Writing and Kids

I have here before me a squarish red book titled, Games for Writing by Peggy Kaye. I’m so excited about the games in this book that I had to plug it.

Here’s a novel idea. Writing is about writing, not spelling. (I’ll admit, I blinked when I read that. I had my schoolmarm hat on.)

If you read my blog, you know I homeschool. You'd also know my mantra: Learning needs to be fun whenever possible! Handwriting for the K-3rd graders isn’t exactly a love affair. Why else would there be options out there such as Handwriting Without Tears?

This book is full of fun/easy ways to make the hesitant bold, to fan the flame of imagination gone shy, to reinstate the FUN of wribbling. (Read the book to find out what wribbling is, or use your imagination)

The book is divided into five parts. Below I’ll share one idea from each part to whet your curiosity. Keep in mind that some of her game ideas sound even better than the ones I’m sharing…they’d just take too much explanation on my part! The writing games are all aimed at grades K-3.

Part one is titled: Just For Starters:

  • Play obstacle course: Take a blank piece of typing paper and at the top write HOME. At the bottom write ZOO. In between the two fill the paper with short 1.5 inch lines slanted every which way. Your beginning writer gets to practice controlling their pencil as they weave in between lines to get from home to zoo. (Easiest of all home drawn mazes!)

Part two is called: Stress Busters:

  • 15 minutes of silent written conversation. Teacher and child may not talk, but instead write questions and answers back and forth. If anyone talks during the 15 minutes, they get points against them for each spoken word. Words do not need to be neat or spelled correctly. (We’re trying to instill a love of creative writing here, no corrections!)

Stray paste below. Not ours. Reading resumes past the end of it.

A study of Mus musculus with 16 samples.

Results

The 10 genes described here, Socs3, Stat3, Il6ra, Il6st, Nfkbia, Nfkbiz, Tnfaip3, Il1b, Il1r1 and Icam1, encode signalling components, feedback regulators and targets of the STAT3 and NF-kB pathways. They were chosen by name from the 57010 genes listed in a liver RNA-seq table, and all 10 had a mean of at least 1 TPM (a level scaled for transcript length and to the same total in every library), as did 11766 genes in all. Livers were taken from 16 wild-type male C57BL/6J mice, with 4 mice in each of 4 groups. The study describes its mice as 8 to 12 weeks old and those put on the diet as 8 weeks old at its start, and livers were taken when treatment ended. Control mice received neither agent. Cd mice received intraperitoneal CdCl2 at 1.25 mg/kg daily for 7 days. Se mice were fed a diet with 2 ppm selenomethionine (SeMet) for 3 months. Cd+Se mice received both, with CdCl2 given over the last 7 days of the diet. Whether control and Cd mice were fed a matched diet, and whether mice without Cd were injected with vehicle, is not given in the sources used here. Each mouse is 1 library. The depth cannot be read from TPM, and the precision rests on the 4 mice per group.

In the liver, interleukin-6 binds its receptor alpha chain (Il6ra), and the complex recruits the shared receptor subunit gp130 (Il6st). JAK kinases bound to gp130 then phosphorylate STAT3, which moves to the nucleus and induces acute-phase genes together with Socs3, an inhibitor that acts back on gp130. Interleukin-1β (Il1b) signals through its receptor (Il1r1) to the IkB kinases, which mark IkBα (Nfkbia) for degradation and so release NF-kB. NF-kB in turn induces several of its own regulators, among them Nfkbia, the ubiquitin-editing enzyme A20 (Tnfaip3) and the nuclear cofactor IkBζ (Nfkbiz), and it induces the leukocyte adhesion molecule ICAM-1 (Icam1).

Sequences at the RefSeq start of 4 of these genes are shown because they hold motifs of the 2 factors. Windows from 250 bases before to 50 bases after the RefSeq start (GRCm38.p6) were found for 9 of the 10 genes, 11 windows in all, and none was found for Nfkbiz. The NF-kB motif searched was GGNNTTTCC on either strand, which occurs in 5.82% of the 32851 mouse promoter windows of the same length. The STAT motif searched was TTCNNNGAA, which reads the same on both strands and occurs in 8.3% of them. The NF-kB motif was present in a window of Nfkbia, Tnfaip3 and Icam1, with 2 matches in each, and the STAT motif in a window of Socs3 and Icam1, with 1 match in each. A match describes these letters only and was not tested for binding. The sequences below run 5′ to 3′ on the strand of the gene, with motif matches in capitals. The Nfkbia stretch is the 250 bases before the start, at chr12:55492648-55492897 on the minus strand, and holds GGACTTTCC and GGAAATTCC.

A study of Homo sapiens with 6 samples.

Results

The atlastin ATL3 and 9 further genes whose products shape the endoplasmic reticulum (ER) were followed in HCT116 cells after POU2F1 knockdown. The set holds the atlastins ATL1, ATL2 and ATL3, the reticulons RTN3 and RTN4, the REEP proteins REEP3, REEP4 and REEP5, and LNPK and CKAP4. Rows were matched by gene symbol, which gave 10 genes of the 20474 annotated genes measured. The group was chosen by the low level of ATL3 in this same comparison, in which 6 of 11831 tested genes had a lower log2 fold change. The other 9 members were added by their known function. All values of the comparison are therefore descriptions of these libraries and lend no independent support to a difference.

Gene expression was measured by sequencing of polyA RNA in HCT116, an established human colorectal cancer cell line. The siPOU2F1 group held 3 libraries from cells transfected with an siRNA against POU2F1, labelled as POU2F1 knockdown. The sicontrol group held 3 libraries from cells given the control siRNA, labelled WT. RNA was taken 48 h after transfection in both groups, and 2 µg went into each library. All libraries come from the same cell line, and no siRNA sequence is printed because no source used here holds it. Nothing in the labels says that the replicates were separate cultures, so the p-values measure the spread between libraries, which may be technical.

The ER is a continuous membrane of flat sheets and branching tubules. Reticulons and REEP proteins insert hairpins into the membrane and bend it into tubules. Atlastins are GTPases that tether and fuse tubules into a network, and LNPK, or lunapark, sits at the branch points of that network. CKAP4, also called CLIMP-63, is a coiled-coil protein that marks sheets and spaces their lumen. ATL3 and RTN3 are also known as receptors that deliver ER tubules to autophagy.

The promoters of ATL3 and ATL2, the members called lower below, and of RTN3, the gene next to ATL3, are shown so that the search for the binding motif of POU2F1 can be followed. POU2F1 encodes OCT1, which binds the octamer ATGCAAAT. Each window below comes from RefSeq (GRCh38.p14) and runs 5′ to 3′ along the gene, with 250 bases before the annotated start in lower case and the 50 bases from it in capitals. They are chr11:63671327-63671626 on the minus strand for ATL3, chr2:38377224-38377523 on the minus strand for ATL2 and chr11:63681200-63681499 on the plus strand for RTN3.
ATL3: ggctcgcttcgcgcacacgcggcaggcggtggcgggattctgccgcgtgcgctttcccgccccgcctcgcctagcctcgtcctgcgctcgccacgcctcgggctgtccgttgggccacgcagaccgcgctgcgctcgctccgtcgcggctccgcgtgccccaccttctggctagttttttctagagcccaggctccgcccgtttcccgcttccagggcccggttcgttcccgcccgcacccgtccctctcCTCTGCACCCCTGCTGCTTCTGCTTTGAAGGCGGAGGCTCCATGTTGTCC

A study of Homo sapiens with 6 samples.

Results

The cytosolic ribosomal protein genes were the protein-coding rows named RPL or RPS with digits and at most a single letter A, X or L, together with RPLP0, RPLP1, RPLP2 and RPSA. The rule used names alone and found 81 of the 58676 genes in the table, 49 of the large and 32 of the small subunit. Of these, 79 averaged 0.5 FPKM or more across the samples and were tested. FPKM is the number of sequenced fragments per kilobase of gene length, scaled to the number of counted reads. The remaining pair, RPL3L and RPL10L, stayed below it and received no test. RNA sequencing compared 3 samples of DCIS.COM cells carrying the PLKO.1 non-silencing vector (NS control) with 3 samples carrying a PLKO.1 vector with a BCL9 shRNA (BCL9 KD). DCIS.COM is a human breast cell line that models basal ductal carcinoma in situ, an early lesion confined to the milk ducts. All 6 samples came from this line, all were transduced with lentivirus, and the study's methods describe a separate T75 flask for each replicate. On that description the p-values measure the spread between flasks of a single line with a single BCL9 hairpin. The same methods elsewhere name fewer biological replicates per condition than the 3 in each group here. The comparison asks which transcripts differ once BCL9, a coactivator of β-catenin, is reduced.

Part three in the book deals with Spelling, Handwriting and Grammar:

  • Speed contest–give them a page with a challenging spelling word written at the top. Have them study it a couple minutes, then write it as many times as they can in 45 seconds. If they are able to write it (correctly and legibly) enough times, they’ve won the contest.

Part four–Writing With Style:

  • “She is so silly”…have your child write a story about the silliest woman on earth…three or four sentences. She is so silly she wears slippers for mittens. Or “He is so hungry” etc.

Part five ends the book–Made With Pride:

  • Make your own board game. Disclaimer: the author makes a game board based on witchcraft (I know…) my girls and I made a board game based on the Spanish facts we were learning last year. We had as much fun making it as we had playing it.

This book is 225 pages chock full of ideas. It's been a must have for this homeschool mom. My once inhibited third grader is writing and enjoying it. Her writing speed increased dramatically after playing "speed contest" with each week's spelling list.

We that write know what a boon it is. Tis the best game of all, right? So go play it with your kids!

Mary is an old-fashioned thirty-something wife, homeschooler, and aspiring writer. Her blog, Home-steeped Hope, feeds her love/pursuit of the written non-fiction word while her women's fiction "dreams" are being revised...

1 comment:

Gina said...

Great ideas! My first grader is probably bored with manuscript writing. I'll have to try some of these!